For those of my friends not in the know, this year I'm taking part in Drea's Easter Blog Hop (http://thebloghopspot.com/event-page/)
For my Easter Treat to everyone (blog hoppers and regulars) I'm offering you the chance to win a digital advance copy of my upcoming short story collection, A Series of Ordinary Adventures, along with a bag of swag from my publisher, Candlemark and Gleam.
A Series of Ordinary Adventures covers a wide range of fantastika: fairies, ghosts, zombies, magickal realism, and the horror that lurks in the darkest depths of our memories. There's romance in there too, and also some stories that are all about friendship. For Easter, though, I bring you an excerpt from a story about an egg.
Cynthia, with her purple hair and taste for alternative fashion, has a rather unusual history. After a short career as a city trader, she made a life-changing decision and became a whole new woman. She worked for a charity, fell in love, and travelled the world with her partner, Sophie. Now widowed, she has moved to the former mill-town of Hebden Bridge in Yorkshire and begun another new career, this time as an artisan weaver and prospective guesthouse owner.
One day she comes across a strangely patterned egg on her doorstep, which she decides to incubate and hopefully find out what it will hatch into.
Cynthia finalised her plans for the downstairs rooms. Her study and dining room would stay as they were, with the room in between becoming her private sitting room. The lounge would be for her guests' use, and she would eventually enlarge into a double the doorway from it into the room at the back, which she had earmarked as the guests' dining room.
She'd decided from the beginning to leave the kitchen for the time being, having already overhauled it when she first moved in. It might be convenient to add a conservatory, eventually, linking the room more directly to the big common dining room. That would also add light and extra space for her guests, but she had no idea how popular her plans would be with the paying public; such ambitious ideas could be put off for a year or two. Help would be available for her when she needed to carry out more work on the house; now that she had found a team of builders she could rely upon, she was hardly going to turn them away before all possible jobs had been done.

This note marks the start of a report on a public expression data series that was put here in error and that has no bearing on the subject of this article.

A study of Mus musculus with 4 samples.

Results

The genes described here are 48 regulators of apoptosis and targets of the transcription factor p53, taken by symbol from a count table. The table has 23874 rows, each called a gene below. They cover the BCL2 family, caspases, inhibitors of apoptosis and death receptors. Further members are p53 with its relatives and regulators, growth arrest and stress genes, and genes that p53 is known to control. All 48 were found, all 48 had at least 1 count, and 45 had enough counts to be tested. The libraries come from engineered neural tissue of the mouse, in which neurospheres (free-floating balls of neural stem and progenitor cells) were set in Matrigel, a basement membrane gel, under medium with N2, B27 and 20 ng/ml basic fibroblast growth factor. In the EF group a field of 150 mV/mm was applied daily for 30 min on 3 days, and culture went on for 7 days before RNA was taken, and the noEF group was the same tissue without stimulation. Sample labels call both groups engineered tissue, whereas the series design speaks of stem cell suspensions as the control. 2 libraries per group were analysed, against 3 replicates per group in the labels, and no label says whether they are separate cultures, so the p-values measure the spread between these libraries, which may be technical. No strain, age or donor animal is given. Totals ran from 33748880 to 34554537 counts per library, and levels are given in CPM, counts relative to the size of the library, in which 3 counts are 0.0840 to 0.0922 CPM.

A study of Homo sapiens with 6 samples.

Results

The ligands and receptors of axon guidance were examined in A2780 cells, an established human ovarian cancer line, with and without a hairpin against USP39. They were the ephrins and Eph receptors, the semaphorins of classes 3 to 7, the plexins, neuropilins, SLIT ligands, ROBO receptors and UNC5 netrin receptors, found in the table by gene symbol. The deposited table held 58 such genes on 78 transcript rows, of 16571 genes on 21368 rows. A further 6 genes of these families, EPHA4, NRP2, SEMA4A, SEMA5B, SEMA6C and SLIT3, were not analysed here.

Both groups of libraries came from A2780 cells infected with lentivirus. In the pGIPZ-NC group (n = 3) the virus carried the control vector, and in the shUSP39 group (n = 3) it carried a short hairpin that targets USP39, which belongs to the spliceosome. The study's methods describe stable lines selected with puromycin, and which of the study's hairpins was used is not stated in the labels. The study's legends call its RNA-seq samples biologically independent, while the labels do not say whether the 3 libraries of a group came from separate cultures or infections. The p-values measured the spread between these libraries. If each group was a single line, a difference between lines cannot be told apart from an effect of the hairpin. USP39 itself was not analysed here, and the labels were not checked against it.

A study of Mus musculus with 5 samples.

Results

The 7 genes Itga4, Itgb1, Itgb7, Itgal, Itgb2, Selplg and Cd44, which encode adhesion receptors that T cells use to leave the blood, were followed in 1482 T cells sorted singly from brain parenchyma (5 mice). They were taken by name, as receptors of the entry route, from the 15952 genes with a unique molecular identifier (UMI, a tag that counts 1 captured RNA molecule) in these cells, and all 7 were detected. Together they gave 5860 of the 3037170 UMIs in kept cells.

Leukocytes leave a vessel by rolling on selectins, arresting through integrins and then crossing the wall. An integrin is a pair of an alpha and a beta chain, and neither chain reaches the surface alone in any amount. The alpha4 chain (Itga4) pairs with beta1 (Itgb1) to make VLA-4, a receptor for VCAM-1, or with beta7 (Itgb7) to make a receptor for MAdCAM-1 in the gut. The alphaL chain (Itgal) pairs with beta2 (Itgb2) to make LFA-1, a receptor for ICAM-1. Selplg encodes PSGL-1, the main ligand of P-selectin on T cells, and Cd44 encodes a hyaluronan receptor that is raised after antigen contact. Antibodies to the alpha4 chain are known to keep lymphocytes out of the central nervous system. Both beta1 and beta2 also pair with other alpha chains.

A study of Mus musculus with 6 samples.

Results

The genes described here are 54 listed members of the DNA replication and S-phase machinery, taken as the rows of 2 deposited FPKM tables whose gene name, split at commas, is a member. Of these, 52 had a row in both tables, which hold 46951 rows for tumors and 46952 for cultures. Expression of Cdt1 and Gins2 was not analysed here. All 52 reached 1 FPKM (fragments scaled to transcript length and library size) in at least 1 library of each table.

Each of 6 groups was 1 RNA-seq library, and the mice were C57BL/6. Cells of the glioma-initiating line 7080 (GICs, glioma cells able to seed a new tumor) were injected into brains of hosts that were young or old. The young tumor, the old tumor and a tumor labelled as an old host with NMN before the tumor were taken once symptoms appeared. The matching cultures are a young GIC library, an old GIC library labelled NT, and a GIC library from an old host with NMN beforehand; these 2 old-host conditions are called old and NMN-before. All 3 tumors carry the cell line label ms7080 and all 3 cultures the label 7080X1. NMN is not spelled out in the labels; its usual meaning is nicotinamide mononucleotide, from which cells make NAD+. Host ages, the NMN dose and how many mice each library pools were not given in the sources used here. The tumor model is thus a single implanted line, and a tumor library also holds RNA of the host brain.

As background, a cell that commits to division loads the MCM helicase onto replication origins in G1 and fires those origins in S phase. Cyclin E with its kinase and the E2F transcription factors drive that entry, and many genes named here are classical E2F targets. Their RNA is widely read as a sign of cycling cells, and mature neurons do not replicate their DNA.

The Women's Collective were efficient in their work, and remarkably quiet in their methods. Several times in the first week, Cynthia had gone into her bedroom, closed the door, and stood perfectly still for a minute or two. She had easily been able to block out the sounds from elsewhere in the house, and to concentrate fully on the songs or snores from the egg.
The egg had seemed not to notice the noise. The disturbance had not affected it so much that it changed the tone of its songs. The egg sang, and it slept. Cynthia checked the temperature and humidity levels of its incubator regularly and turned the egg at the appointed times each day.
Whatever was inside continued to develop; as the weeks went by, Cynthia imagined she could feel it moving deliberately inside the shell each time she lifted the egg to turn it over.
She wondered, at times, exactly what was going to hatch out of the egg, and when that might happen. She thought she would know when the time was close, but couldn't say how. At night she dreamed of eggs with shells in all manner of colours and patterns; of strange creatures, whose forms she had forgotten by morning; and she dreamed of flying, flitting between flowers and up into the leafy depths of trees.
Comment on this entry for a chance to win the ebook and swag. What's your favourit kind of fantasy story?
[ETA:] winner will be drawn on Tuesday morning. Please leave an email address so I can contact you.